Providing reliable, affordable electricity is a priority for publicly owned utilities. Co-ops, PUDs and municipals continue to incorporate additional energy generated from renewable sources. Until these technologies fully mature, fossil fuels remain a part of our overall generation mix to ensure power reliability.
As the United States moves forward with carbon reduction goals, utilities are looking for ways to provide clean energy and offset the carbon generated during power production. Capturing carbon emissions—or greenhouse gases—at their source is one of those approaches.
Understanding some of the terminology associated with this complex process can shed light on this unique way of managing greenhouse gases.
You’ve likely heard the term net zero. This means you don’t increase the amount of carbon dioxide in the atmosphere. Essentially, any greenhouse gas you emit is reduced in some other way.
Net zero typically takes the form of a nation or commercial business setting a goal to offset carbon emissions it produces from burning coal, oil or natural gas. Those offsets can be as simple as planting a lot of trees that convert carbon dioxide to oxygen as part of their photosynthesis process. It can be as complex as building high-tech equipment to remove greenhouse gases before they reach the air or even after they are emitted.
Net zero was first widely discussed about 10 years ago as countries met to negotiate the Paris Climate Agreement and determine language to discuss reducing greenhouse gas emissions. Since then, nearly 500 nations, cities and states—and more than 700 companies—have set goals of reaching net zero within the next 30 years.
Another term for net zero is carbon neutral. In 2020, Microsoft Corp. announced a goal of going carbon negative, meaning it would remove more greenhouse gas from the air than it emits.
Carbon capture, utilization and storage is one tool for reaching net zero. In the past, it was simply called “carbon capture,” but is now often referred to as CCUS.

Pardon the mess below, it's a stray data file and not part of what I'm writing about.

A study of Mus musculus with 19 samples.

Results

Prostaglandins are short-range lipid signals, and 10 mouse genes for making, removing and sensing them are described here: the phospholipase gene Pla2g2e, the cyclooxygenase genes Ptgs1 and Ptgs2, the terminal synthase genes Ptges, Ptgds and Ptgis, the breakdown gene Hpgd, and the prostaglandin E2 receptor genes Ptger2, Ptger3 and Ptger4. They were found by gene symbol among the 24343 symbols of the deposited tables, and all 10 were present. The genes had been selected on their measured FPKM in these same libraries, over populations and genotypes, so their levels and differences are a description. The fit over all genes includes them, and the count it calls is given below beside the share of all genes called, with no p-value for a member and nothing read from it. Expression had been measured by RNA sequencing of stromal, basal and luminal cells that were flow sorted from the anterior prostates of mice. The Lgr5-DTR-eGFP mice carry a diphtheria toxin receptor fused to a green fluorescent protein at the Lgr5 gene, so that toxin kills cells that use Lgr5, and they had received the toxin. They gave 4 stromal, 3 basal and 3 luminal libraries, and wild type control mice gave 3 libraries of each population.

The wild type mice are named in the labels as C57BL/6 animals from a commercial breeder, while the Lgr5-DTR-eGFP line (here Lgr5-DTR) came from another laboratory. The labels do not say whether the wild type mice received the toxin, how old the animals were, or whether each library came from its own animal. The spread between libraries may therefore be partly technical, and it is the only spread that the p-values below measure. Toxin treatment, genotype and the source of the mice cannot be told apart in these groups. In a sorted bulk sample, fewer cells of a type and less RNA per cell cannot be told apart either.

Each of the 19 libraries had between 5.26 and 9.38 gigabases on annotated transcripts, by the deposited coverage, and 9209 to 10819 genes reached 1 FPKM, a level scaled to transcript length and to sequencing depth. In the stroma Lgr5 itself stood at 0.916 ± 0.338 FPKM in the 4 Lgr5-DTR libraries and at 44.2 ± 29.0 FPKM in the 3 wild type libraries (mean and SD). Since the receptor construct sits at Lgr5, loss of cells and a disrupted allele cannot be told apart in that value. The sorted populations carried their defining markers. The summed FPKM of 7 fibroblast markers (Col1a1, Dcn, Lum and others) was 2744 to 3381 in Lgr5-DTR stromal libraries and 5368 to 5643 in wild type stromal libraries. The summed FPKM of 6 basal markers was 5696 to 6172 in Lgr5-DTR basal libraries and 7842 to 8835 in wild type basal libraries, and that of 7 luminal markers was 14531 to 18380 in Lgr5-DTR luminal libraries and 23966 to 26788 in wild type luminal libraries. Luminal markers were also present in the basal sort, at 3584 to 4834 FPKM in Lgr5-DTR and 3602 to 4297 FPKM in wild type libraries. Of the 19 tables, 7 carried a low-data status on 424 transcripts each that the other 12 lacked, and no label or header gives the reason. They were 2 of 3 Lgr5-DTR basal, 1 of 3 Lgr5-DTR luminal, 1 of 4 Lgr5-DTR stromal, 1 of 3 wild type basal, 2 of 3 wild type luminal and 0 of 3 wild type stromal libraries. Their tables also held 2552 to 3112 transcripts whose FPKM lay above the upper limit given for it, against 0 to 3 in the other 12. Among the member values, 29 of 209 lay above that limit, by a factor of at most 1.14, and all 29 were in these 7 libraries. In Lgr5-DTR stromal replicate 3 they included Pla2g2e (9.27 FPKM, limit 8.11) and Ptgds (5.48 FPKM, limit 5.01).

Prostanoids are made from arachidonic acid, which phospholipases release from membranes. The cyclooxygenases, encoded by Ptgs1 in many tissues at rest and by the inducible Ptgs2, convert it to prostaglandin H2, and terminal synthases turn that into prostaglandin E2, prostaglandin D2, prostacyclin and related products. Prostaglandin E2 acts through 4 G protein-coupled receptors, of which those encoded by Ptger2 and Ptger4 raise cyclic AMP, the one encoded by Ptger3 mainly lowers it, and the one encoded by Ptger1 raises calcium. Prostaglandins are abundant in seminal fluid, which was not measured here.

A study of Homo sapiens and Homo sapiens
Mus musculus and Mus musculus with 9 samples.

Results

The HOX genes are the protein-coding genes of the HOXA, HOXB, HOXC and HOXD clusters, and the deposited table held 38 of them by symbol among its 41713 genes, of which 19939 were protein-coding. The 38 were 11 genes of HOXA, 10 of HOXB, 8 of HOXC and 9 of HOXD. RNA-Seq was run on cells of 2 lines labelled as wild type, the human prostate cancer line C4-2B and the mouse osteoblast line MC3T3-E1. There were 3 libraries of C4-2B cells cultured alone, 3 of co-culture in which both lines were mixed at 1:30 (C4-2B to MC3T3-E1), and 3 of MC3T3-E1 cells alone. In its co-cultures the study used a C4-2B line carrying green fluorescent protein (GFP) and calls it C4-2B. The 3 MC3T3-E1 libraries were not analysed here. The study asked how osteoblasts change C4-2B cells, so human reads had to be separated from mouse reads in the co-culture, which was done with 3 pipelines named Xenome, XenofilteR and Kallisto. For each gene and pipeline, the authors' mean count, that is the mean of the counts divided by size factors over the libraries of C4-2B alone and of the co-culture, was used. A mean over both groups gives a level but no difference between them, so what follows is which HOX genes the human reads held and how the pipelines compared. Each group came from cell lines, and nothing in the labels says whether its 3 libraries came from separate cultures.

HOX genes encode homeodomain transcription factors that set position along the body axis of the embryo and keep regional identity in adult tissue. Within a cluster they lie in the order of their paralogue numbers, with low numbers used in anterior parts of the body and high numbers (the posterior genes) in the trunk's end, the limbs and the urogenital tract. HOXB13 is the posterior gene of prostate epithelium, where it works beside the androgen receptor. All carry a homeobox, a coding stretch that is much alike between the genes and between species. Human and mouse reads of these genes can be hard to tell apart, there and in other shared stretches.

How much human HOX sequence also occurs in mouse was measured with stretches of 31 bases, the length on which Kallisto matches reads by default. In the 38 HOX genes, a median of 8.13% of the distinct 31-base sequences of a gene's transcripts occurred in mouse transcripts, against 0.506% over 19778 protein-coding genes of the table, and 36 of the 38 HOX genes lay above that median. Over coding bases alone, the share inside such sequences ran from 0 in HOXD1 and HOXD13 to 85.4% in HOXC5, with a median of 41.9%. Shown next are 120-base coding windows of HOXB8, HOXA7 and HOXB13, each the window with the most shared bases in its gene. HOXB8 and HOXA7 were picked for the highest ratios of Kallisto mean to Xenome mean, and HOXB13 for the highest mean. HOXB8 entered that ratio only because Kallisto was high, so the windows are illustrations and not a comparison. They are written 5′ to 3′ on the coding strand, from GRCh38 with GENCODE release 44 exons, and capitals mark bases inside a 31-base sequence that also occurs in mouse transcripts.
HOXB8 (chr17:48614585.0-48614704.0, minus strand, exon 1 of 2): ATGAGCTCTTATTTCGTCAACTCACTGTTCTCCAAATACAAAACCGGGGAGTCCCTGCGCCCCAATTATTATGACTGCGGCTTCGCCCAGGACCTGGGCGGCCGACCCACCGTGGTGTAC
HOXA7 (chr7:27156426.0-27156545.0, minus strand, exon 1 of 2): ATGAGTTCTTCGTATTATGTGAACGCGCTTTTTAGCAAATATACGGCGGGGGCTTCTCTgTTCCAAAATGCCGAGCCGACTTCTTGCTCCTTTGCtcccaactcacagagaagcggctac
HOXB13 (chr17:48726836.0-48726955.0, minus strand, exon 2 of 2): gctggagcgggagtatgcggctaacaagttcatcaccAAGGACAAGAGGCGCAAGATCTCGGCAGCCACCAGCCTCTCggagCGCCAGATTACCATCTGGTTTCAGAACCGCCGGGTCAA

CCUS involves a series of steps that removes carbon dioxide from its original source to prevent it from reaching the atmosphere. During the capture step, CO2 is removed either before or after combustion.
Post-combustion capture is the most common method used at existing power plants. After electricity is generated, the CO2 is removed from the gas mixture found in a plant’s flue.
In precombustion capture, the fuel sources are heated with pure oxygen—or steam and oxygen—to release CO2.
Once captured, the CO2 is transported to its next destination. Typically, CO2 moves as compressed gas in pipelines, but it can also be transported by tanker trucks or ships. Captured CO2 can be injected into geological formations or recycled for other uses.
Research on how to recycle CO2 is ongoing, but established uses include using the gas in enhanced oil recovery, growing fish food from lab-grown bacteria that feed on CO2 and creating carbon-negative concrete or other carbon-based materials.
One appeal of carbon capture is the abundance of underground natural storage locations, such as deep aquifers, porous rock and unproductive coal mines. The U.S. Geological Service estimates the United States has the potential to store 3,000 metric gigatons of CO2, the equivalent of five centuries worth of emissions.
Carbon dioxide removal doesn’t center on keeping greenhouse gas from entering the atmosphere, but rather taking it out of the air. It’s also often referred to as direct air capture. Some businesses are already using CO2 from direct air capture for things such as fertilizer production.
The federal government made carbon capture a funding priority in 2022. The Infrastructure Investment and Jobs Act provides $927 million
for large, commercial-scale pilot projects as well as $3.5 billion for six demonstration projects at coal and natural gas plants.
The Slowing CO2 and Lowering Emissions Act was introduced in 2021 and provides funding to overcome expansion barriers. The act aims to reduce costs by financing scaling projects for pipeline infrastructure, creating regional storage infrastructure and providing grants for creating products derived from large-scale capture.
Capturing carbon is an important tool in reducing CO2 emissions generated from fossil fuel use. As this emerging technology is deployed on a larger scale, the future of carbon capture will continue to be promising.
New and Emerging CO2 Technologies
Despite several hurdles, carbon capture is seen as an important technology in reducing emissions.
In 2015, XPRIZE—a technological development competition—kicked off with an aim to award
$20 million to develop new and emerging technologies that use CO2. The competition was based on how much CO2 was converted and the economic feasibility of the project.
The winning project was a carbon-negative concrete created by a team of UCLA researchers called CarbonBuilt.
The research team conducted tests at Basin Electric Power Cooperative’s Integrated Test Center in Wyoming to turn flue gases and fly ash into carbon-negative concrete. The process reduces the carbon emissions of concrete production and traps additional carbon long-term within the final product.